ScalaTest 109 - Mark your tests with tags to include or exclude them

Problem: You want a way to label your individual ScalaTest unit tests, so you can easily choose to include or exclude them when running your test suite. For instance, you may want to tag long-running tests like database or web service tests, because they take a long time to run, and you don’t want to run them all the time.

Solution

Create one or more custom tags, then include those tags in your test specifications. When you run your tests, declare which tests you want to run, or not run.

To demonstrate this, begin with the Pizza and Topping classes shown in Writing TDD Tests with ScalaTest, and the BDD test class defined in Writing a First BDD Test with ScalaTest.

Next, add a new class in the src/test/scala/com/acme/pizza directory named Tags.scala, and add this content:

package com.acme.pizza

import org.scalatest.Tag

object DatabaseTest extends Tag("DatabaseTest")

This defines a Tag named DatabaseTest that you can use in your tests.

Next, add the tag to your database tests. This is how you add a tag to an it BDD-style test:

// add the 'DatabaseTest' tag to the 'it' method
it("Should start with no toppings", DatabaseTest) {
  Given("a new pizza")
  pizza = new Pizza
  Then("the topping count should be zero")
  assert(pizza.getToppings.size == 0)
}

Now when you run your tests, you can specify which tests you want to include. To include tests with the DatabaseTest tag in the list of tests to be run, start SBT, and then issue the following test-only command from within the SBT shell:

$ sbt

sbt> test-only -- -n DatabaseTest

To exclude tests with the DatabaseTest tag from being run, use this approach:

sbt> test-only -- -l DatabaseTest

(The second example uses a lowercase letter “L”.)

Notice that this uses a different version of the it method than was used in previous recipes. This example calls the two-argument version of the it method, whereas previous examples used the one-argument version. More on this shortly.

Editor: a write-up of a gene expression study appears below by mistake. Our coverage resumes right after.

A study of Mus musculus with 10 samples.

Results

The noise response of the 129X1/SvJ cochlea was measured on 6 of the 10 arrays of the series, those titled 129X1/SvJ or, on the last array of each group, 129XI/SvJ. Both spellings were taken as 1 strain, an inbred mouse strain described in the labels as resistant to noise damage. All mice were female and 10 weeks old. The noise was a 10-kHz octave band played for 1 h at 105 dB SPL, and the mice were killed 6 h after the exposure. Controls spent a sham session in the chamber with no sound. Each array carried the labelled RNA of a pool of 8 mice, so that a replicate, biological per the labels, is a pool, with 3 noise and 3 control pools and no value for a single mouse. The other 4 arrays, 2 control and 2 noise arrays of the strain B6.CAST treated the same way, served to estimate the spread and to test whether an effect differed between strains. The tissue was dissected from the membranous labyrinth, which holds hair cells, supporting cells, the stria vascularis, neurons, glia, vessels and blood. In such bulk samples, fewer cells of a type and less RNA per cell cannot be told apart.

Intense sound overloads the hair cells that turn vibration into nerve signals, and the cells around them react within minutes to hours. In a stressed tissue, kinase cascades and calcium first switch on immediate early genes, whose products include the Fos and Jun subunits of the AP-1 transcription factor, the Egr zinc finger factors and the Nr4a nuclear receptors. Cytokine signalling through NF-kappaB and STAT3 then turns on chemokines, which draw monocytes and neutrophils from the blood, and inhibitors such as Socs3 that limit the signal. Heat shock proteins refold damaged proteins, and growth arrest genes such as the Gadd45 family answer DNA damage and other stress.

Discussion

Some software developers like to write long-running tests, such as database and web service tests, and others don’t. The ability to tag tests in this manner lets everyone have their way. Database and web service tests can be run when desired, and also excluded when desired. Just tag the database and web service tests with tags like DatabaseTest and WsTest, then include and exclude them when running your tests.

More generally, thinking beyond terms of long-running tests and short-running tests, this approach lets you test segments of your applications, in any way you want to define those segments. For instance, you can tag tests as Model, View, or Controller tests, or in any other way that makes sense for your application.

To add multiple tags to one BDD-style it test, add them as additional parameters:

it("Should start with no toppings", DatabaseTest, WsTest) {
  // test code here
}

To add tags to TDD-style tests, add the tags to your test method declarations:

test("new pizza has zero toppings", DatabaseTest, WsTest) {
  //assert(pizza.getToppings.size === 1)
  expectResult(0) {
    pizza.getToppings.size
  }
}

There are additional ways to tag tests. For instance, the ScalaTest documentation shows how to use taggedAs with an it test in a class that extends FlatSpec:

it must "subtract correctly" taggedAs(SlowTest, DbTest) in {
  val diff = 4 - 1
  assert(diff === 3)
}

See the links in the See Also section for more details.

To run tests that have both tags DatabaseTest and WsTest, separate their names by blank spaces inside quotes with the -n flag:

sbt> test-only -- -n "DatabaseTest WsTest"

Or to exclude those tests, do the same thing with the -l flag:

sbt> test-only -- -l "DatabaseTest WsTest"

For information on controlling which tags to include or exclude using other tools, such as running ScalaTest from the command line or Ant, see the ScalaTest filtering tests doc, and the Ant task filtering doc.

See Also

The Scala Cookbook

This tutorial is sponsored by the Scala Cookbook, which I wrote, and was published by O’Reilly in late 2013:

You can find the Scala Cookbook at these locations:

I hope it has been helpful. All the best, Al.